SUSTRIK v. EQUIFAX INFORMATION SERVICES LLC (2020)
United States Court of Appeals, Ninth Circuit.
Robert SUSTRIK; Sharon Barnum, Plaintiffs-Appellants, v. EQUIFAX INFORMATION SERVICES, LLC, Defendant-Appellee.
Decided: July 22, 2020
Before: IKUTA and HURWITZ, Circuit Judges, and TAGLE,* District Judge.
Miles Clark, Attorney, Matthew I. Knepper, Esquire, Attorney, Knepper & Clark LLC, Las Vegas, NV, David Krieger, Attorney, Freedom Law Firm, LLC., Henderson, NV, for Plaintiffs-Appellants Zachary Andrew McEntyre, Esquire, Attorney, King & Spalding LLP, Atlanta, GA, Anne M. Voigts, King & Spalding LLP, Palo Alto, CA, for Defendant-Appellee Allen Denson, Hudson Cook LLP, Washington, DC, for Amicus Curiae Consumer Data Industry Association
The Fair Credit Reporting Act (“FCRA”) imposes requirements on credit reporting agencies, and provides a private cause of action for willful or negligent violations of those requirements. See 15 U.S.C. §§ 1681n, 1681o. Two FCRA provisions, 15 U.S.C. § 1681i(a)(3)(B), (a)(6)(A), require a consumer be notified of the outcome of a reinvestigation triggered by the consumer's dispute about information in a credit report.
In this action, Robert Sustrik and Sharon Barnum allege that Equifax Information Services, LLC, violated the FCRA by failing to provide notice of the results of reinvestigations of items on their credit reports. Equifax had reinvestigated each disputed item and found no inaccuracies. Plaintiffs did not challenge the outcome of the reinvestigations, but only Equifax's failure to provide notice of the results. The district court granted summary judgment to Equifax, finding Plaintiffs had failed to “satisfy the prima facie element of inaccuracy as required by the Ninth Circuit for the FCRA claims arising under Section 1681i.” We have jurisdiction over Plaintiffs’ appeal under 28 U.S.C. § 1291 and affirm.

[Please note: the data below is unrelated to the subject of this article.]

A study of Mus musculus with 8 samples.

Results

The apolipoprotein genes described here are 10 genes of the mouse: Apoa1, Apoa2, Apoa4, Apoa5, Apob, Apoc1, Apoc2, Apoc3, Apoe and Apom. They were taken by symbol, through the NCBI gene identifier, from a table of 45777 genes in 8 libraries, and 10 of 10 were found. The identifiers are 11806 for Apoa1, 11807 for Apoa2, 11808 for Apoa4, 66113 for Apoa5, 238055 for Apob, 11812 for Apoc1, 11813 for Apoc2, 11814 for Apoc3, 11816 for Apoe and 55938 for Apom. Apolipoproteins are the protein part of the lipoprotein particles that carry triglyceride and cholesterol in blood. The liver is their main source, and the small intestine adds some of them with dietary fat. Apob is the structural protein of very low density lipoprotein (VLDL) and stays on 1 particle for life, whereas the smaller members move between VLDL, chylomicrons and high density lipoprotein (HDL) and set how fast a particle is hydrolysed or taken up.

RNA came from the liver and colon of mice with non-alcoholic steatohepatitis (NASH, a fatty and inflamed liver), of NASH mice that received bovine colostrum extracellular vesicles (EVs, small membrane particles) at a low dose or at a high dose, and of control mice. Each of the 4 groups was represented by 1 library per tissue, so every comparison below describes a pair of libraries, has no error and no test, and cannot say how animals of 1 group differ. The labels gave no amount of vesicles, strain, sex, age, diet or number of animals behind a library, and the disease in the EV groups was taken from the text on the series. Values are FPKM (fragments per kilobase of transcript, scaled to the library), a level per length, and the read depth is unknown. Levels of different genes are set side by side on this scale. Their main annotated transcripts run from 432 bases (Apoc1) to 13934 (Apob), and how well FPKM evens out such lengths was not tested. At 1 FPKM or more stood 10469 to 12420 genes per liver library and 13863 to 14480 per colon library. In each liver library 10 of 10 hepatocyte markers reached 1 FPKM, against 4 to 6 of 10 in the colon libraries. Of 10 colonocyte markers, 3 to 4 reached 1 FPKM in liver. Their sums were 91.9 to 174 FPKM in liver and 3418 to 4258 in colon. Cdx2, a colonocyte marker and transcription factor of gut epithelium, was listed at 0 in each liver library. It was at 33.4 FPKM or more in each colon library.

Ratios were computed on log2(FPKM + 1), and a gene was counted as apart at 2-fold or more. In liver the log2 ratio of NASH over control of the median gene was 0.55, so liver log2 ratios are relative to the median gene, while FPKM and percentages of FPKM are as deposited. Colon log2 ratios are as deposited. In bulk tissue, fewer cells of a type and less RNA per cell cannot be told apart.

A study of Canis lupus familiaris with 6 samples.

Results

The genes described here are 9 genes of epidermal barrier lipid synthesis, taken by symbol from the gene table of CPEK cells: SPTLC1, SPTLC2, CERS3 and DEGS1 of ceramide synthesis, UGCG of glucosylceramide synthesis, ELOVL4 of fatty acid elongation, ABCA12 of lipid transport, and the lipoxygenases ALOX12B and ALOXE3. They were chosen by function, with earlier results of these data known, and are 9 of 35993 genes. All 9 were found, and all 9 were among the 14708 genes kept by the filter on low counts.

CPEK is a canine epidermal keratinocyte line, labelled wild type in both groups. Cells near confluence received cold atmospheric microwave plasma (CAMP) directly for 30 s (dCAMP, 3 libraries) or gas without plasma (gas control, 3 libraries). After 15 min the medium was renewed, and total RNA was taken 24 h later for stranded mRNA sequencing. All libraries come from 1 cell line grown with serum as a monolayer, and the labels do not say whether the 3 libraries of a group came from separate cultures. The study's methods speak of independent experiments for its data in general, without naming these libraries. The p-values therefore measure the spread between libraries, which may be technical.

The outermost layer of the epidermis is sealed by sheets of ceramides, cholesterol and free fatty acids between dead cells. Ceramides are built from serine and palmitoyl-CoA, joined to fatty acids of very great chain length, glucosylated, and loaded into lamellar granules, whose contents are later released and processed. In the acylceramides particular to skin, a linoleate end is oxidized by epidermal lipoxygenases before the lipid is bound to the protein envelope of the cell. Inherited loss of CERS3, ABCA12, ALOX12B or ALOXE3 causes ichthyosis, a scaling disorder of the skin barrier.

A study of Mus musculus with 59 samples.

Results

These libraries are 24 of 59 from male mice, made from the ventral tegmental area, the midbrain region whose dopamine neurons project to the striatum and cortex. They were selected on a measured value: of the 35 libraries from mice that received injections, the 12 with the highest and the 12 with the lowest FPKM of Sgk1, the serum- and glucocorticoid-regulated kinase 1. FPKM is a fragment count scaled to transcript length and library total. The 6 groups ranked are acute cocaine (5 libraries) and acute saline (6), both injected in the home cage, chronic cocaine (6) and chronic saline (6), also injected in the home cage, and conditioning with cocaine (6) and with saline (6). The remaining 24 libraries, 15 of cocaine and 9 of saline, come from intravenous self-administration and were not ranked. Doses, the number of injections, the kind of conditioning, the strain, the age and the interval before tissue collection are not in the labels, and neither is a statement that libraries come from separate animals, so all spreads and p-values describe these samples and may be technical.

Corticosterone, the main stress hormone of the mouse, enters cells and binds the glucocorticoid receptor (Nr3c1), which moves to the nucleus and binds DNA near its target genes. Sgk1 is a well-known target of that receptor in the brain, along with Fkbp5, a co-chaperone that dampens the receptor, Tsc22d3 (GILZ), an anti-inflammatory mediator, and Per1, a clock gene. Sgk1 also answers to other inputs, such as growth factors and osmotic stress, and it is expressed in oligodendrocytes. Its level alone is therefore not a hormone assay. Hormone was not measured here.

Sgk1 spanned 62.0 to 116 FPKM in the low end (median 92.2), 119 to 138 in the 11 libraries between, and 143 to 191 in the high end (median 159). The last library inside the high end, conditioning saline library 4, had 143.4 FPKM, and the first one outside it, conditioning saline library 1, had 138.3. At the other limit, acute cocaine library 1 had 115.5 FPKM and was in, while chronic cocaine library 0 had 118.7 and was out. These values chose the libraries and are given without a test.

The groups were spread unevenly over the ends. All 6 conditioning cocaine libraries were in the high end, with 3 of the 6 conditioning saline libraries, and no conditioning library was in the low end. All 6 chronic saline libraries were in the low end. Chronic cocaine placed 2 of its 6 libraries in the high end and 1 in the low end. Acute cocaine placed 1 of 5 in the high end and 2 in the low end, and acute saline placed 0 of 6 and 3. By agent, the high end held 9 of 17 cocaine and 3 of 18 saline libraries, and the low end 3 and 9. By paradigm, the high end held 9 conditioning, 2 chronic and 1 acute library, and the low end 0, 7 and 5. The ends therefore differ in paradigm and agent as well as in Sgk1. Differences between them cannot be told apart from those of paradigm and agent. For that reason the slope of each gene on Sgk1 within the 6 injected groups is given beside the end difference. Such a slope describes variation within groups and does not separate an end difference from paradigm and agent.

Although the text of the FCRA does not condition the duty to reinvestigate on inaccuracy in a credit report, we held in Dennis v. BEH–1, LLC that “section 1681i creates no duty to reinvestigate where ‘the credit report accurately reflect[s] the status of the information contained in the public records.’ ” 520 F.3d 1066, 1069 (9th Cir. 2008) (alteration in original) (quoting Williams v. Colonial Bank, 826 F. Supp. 415, 418 (M.D. Ala. 1993)). We subsequently confirmed that “the FCRA's reinvestigation provision, 15 U.S.C. § 1681i, ․ require[s] that an actual inaccuracy exist for a plaintiff to state a claim.” Carvalho v. Equifax Info. Servs., LLC, 629 F.3d 876, 890 (9th Cir. 2010). Under our precedent, the district court therefore did not err in holding that this suit failed because there was no genuine dispute that the information in the Plaintiffs’ files was accurate.